The Antidote to Canine Cancer: You Will Never Look At Fat The Same Way Again

Adipose tissue (fat) is the biggest endocrine organ that produces hormones and cytokines that create a constant state of chronic inflammation.

Chronic inflammation is a recipe for disaster. Obesity predisposes dogs to many serious diseases such as

  • cruciate ligament ruptures
  • intervertebral disk disease
  • osteoarthritis
  • congestive heart failure
  • Cushing’s disease
  • skin disorders
  • and some types of cancer
The Antidote to Canine Cancer: You Will Never Look At Fat The Same Way Again

Introduction

What if I told you that by keeping your dog thin you can decrease the chance of them getting cancer?

Jasmine’s best buddy died of cancer at the age of 7. He was always on the chubby side. “It’s just a bit of winter fat,” his owner would say. Of course, he had more going for him than just that, and he was a Boxer. Apparently, Boxers are the second breed most prone to cancer, right after Golden Retrievers.

The average lifespan of Boxers should be around 11 years, though some resources list as high as 11 to 14 years. However, Jasmine’s vet wasn’t at all surprised that he would have died of cancer at the age of 7!

Dog cancer contributing factors

There are a number of factors contributing to canine cancer, some of which we have lesser control over than others.

Potential contributing factors to your dog getting cancer include:

  • genetics
  • hormonal levels
  • early spay and neuter (for some cancers)
  • environmental carcinogens
  • chronic inflammation

When I brought some of them up with Jasmine’s vet, however, he felt very strongly that obesity plays a much more substantial role that many of those discussed. “Fat is highly metabolically active,” he said.

Understanding fat tissue

Fat is metabolically active? What does that mean?

What we all know is that fat tissue is the means of long-term energy storage. This function was very useful when neither man or dog knew where their next dinner was coming from–not so much today. You might also know that fat tissue serves as insulation from heat and cold and as protective padding around organs.

Hormone production

What you probably don’t know, is that fat tissue (adipose) is, in fact, a complex organ with other important functions, including hormone production!

You heard right. Fat cells also called adipocytes or lipocytes, besides their well-known function of storing energy, also produce a number of signaling molecules (adipokines). This gives fat tissue systemic influence.

Obesity induces inflammation

The molecules function as hormones and are involved in metabolism as well as inflammatory response. Fat tissue secretes both inflammatory and anti-inflammatory adipokines. In an obese dog, inflammatory signaling molecules are prevalent.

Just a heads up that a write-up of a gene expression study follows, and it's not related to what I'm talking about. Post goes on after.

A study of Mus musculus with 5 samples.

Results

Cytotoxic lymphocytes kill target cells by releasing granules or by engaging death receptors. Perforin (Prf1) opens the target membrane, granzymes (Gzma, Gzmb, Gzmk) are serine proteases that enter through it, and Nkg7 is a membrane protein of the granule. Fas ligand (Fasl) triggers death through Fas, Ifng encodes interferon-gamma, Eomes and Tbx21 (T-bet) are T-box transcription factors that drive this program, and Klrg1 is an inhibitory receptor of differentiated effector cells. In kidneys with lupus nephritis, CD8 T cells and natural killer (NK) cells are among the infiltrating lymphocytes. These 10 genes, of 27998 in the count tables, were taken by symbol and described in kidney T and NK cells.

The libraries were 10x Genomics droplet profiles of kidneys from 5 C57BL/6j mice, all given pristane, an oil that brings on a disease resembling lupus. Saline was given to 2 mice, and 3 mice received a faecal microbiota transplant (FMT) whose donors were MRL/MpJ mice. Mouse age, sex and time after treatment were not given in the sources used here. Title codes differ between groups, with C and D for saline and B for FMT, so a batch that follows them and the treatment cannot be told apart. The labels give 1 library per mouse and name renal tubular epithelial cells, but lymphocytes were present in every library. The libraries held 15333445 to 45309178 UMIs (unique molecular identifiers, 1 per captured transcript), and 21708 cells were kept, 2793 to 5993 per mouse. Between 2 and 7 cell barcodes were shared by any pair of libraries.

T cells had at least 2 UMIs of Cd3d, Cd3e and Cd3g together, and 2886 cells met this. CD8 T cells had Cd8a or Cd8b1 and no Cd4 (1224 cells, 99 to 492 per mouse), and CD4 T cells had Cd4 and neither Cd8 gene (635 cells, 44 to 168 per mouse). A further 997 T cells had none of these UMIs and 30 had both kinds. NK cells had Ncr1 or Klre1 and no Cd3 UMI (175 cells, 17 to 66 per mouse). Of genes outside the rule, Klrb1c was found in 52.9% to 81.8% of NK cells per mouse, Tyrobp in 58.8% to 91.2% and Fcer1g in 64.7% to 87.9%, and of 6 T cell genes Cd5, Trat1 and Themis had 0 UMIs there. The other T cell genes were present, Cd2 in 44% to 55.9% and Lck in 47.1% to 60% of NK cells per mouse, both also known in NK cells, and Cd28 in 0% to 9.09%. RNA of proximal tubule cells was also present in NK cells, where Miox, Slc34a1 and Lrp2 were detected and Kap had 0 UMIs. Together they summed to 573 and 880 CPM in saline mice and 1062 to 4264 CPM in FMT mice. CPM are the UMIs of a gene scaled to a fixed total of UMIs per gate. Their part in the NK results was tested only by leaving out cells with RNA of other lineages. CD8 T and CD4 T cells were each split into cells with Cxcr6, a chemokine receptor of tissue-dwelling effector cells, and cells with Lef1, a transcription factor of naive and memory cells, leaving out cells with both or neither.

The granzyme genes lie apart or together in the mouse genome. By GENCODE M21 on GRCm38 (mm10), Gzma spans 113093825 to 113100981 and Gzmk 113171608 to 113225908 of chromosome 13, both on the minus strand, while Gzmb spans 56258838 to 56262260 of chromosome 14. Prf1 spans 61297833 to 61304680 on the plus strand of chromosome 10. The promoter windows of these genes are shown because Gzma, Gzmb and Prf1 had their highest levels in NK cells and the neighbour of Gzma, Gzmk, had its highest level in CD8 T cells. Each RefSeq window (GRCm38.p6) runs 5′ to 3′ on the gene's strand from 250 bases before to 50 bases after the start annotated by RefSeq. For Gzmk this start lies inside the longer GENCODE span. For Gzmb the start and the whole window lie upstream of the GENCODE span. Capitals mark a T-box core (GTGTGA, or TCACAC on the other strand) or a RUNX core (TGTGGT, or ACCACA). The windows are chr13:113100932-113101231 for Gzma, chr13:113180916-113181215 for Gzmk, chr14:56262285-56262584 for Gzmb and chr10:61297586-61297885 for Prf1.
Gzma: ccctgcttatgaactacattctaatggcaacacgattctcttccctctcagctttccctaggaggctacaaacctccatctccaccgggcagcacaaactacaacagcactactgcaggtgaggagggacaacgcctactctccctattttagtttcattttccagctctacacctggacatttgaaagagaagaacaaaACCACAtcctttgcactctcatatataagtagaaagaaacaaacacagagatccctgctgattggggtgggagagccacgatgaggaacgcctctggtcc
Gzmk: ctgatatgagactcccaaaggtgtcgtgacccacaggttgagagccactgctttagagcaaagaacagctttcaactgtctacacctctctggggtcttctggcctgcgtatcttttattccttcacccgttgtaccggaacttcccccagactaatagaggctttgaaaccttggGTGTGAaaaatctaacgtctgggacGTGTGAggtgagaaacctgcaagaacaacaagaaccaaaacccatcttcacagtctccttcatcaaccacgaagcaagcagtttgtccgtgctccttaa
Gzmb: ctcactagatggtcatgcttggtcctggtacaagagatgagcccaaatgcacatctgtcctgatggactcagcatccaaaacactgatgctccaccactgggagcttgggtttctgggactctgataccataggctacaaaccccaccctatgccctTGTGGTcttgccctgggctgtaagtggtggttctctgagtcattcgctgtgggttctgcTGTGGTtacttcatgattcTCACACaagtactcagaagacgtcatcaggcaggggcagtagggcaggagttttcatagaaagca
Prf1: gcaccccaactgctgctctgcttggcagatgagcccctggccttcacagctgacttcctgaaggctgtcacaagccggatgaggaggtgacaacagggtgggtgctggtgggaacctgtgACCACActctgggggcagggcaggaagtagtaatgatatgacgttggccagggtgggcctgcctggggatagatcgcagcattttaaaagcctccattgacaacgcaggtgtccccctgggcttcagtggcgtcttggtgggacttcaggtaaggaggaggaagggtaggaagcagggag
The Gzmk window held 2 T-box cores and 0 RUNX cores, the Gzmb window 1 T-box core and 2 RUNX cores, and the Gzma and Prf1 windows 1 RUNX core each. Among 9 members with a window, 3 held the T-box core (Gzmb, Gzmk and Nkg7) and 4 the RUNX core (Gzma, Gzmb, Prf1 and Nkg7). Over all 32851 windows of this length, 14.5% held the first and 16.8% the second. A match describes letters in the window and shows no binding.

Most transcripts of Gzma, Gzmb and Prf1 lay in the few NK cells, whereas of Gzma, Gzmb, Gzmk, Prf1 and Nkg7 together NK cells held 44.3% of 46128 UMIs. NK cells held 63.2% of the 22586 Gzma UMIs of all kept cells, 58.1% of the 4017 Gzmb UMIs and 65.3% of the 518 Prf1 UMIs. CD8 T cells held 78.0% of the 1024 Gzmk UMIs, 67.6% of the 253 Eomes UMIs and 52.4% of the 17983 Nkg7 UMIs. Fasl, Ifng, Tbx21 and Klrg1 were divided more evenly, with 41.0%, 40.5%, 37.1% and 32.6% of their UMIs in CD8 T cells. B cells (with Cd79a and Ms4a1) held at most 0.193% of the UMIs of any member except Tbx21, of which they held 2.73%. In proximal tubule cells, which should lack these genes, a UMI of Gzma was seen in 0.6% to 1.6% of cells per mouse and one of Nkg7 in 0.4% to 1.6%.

In other words, fat tissue is involved in immune response. It regulates immune cells and it is able to induce inflammation and anti-tumor response.

An adipokine that is viewed as a link between obesity and cancer is called adiponectin. Adiponectin has been found to inhibit the development and growth of cancer. The more adiponectin is present in the blood, the higher is your dog’s resistance to cancer.

So what’s the problem?

Obesity inhibits the production of adiponectin. That, in turn, increases vulnerability to cancer. In other words, less fat means more adiponectin but excess fat works the opposite way.

Between chronic inflammation and reduced adiponectin levels, obese dogs are more vulnerable to developing cancer.

Your dog’s body has been designed to maintain health. However, it can only do that in its optimal state. Among other health benefits, keeping your dog at his optimal weight plays an important role in cancer prevention!

Related articles:
Breaching the Subject of Canine Obesity: No TV Tonight!

Further reading:
Are Overweight Dogs at a Higher Risk for Cancer?
Beyond the Belly: The health consequences of pet obesity

Categories: Dog health advocacy


I am a graphic designer, dog health advocate, writer, and author. Jasmine, the Rottweiler of my life, was the largest female from her litter. We thought we were getting a healthy dog. Getting a puppy from a backyard breeder was our first mistake. Countless veterinary visits without a diagnosis or useful treatment later, I realized that I had to take Jasmine's health care in my own hands. I learned the hard way that merely seeing a vet is not always enough. There is more to finding a good vet than finding the closest clinic down the street. And, sadly, there is more to advocating for your dog's health than visiting a veterinarian. It should be enough, but it often is not. With Jasmine, it took five years to get a diagnosis. Unfortunately, other problems had snowballed for that in the meantime. Jasmine's health challenges became a crash course in understanding dog health issues and how to go about getting a proper diagnosis and treatment. I had to learn, and I had to learn fast. Helping others through my challenges and experience has become my mission and Jasmine's legacy. I now try to help people how to recognize and understand signs of illness in their dogs, how to work with their veterinarian, and when to seek a second opinion. My goal is to save others the steep curve of having to learn things the hard way as I did. That is the mission behind my blog and behind my writing. That is why I wrote Symptoms to Watch for in Your Dog, which has turned out being an award-winning guide to dog owners. What I'm trying to share encompasses 20 years of experience.